Equalities and Research Resources

Here we have collected some resources that we have found useful and that we hope will help you in your work, your volunteering, and your research.

Our Ways of Working

The Equalities Board developed a document explaining how we aim to work together with respect and care. This was developed after a safer spaces workshop at an EB meeting, and was agreed by members of the EB.

You can read our ways of working document in pdf here. If you print it double-sided it will make a small booklet.

You can download a word document for screen reader here.

Key Terms

There are a lot of specialist terms (or words) used in equalities research, which can be confusing. It is helpful to understand and use these words so we can say exactly what we mean, but it is also important to explain these words in simpler language.

To download our glossary of terms, click here.

To read a glossary by the Equality and Diversity Forum, which helps the voluntary sector with diversity issues, click here.

To read an alphabetical glossary online by the Equalities and Human Rights Commission, click here.

overlapping coloured circles

Key Issues

The Equality Act 2010
  • To read the government's guide to the Equality Act 2010, click here.
  • To download the government's Easy Read guide to the Equality Act 2010, click here.
The difference between equality and fairness
  • Sometimes making sure that everyone has the same can result in an some people having an unfair advantage, because they started out with more - or some people having an unfair disadvantage because they started out with less.
  • To read a short explanation of how equality and fairness are different, click here.
  • To watch a short video explaining the difference between equity (fairness) and equality with a fun rhyming poem, Click here.
Inequality and Power

  • Collins English Dictionary (see here) says: "Inequality is the difference in social status, wealth, or opportunity between people or groups." These differences mean that people have different amounts of power over other people, and over themselves, in different situations.
  • To watch a video that explains this, click here.
  • The Quakers have produced a guide for campaigners to help understand power inequalities, and how to deal with them. To download it, click here.
  • Co-production is one way to equalise power between professionals and non-professionals such as volunteers or service users. In co-production everyone works together to decide on how a project should work, just as with the Equalities Board. To read more about co-production and watch a video by Think Local Act Personal that explains it click here.

  • In the 1970s a group of disabled people developed the 'Social Model of Disability' to describe how people with impairments (disabilities) are made disabled by barriers in society.
  • To read an excellent explanation of the Social Model of Disability by GMCDP (Greater Manchester Coalition of Disabled People), click here.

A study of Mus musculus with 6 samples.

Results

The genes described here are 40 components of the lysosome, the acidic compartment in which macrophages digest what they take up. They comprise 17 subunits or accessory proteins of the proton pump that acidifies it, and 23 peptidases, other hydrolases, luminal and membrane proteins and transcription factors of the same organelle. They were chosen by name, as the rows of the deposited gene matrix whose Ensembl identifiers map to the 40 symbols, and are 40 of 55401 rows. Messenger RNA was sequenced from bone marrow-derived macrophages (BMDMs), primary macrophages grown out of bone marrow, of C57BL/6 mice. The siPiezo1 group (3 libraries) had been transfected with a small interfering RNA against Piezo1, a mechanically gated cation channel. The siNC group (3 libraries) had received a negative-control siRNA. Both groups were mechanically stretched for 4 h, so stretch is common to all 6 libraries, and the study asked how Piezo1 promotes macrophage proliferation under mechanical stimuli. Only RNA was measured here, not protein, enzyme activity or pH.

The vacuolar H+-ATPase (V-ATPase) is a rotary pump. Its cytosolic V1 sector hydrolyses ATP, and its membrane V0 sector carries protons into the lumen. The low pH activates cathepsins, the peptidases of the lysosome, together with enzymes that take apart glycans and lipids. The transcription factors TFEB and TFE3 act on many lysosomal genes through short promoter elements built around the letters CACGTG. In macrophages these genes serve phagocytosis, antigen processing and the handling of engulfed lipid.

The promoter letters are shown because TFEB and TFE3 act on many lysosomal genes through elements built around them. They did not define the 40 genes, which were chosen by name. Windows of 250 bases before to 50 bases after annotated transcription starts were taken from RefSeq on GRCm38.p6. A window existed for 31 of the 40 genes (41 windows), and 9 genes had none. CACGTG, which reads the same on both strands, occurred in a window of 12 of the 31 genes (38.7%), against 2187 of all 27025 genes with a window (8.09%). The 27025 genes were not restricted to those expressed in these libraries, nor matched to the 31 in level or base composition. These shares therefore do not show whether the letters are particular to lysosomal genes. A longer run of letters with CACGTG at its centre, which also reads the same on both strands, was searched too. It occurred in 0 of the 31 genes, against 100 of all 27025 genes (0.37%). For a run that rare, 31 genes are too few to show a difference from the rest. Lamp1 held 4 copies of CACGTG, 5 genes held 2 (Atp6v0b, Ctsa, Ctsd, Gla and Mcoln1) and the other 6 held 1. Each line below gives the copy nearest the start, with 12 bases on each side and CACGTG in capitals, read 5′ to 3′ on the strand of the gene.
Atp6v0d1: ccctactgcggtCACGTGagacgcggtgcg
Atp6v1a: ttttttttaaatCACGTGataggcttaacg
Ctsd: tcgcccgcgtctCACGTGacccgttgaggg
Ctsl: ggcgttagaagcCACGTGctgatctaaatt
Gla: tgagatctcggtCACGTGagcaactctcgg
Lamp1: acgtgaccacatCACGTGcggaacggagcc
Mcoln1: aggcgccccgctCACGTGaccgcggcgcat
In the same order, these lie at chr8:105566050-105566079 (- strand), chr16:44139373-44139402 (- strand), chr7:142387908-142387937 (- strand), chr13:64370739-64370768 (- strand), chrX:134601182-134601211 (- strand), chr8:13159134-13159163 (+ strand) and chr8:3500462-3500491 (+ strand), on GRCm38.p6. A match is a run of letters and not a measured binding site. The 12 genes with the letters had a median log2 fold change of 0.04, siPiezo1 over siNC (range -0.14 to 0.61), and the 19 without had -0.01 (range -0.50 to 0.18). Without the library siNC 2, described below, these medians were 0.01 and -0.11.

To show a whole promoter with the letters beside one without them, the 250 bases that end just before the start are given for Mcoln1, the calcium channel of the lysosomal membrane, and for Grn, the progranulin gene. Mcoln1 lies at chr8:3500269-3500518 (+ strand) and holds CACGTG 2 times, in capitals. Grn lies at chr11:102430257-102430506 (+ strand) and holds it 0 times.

• To watch a video about the social model of disability, in British Sign Language with subtitles, click here.
  • To read and download a myth-buster about the social model by a Manchester-based disabled rights activist, click here.
Gender and Sexuality
  • To read a short guide to feminism and some words used to talk about gender inequality: click here.
  • Sometimes sexuality and gender identity get confused, but they aren't the same.
  • To read a guide to understanding sexual orientation and gender, from Planned Parenthood in the USA: click here.
  • For a glossary of terms (words) used to talk about sexual orientation and gender, by Stonewall, click here.
  • To read a comprehensive guide to terminology (words) used in equalities research, from Universities Scotland, click here.
  • To see the latest UK Government data (information) on race and ethnicity, click here.
  • To watch a short film from the USA called Racism is Real, with statistics (numbers) from research, click here.
  • A few years ago Runnymede Trust ran events in Manchester and Birmingham and interviewed people about race. To see videos from this project click here.
  • You can read a short article on how racism contributes to poverty, by JRF (Joseph Rowntree Foundation) by clicking here.


  • To read and download a guide to accessible information produced for the Equalities Board by Manchester People First, click here.
  • To read and download a guide to accessible meetings produced for the Equalities Board by Manchester People First, click here.

  • Intersectionality refers to the way that marginalised identities connect and overlap, resulting in specific forms of discrimination.
  • Watch a video of Dr. Kimberle Crenshaw, who developed the term 'intersectionality', explaining it to students - click here.
  • Watch a short section of video in which writer and women's rights campaigner Janet Mock explains intersectionality - click here. (To see the whole video,
  • In this longer video, Dr. Crenshaw talks about intersectionality in more depth, and explains how it relates to women's rights and feminist campaigning - click here.
  • In this section of the long video she explains how the intersection of social barriers, which people experience because of their identities, creates extra vulnerability - click here.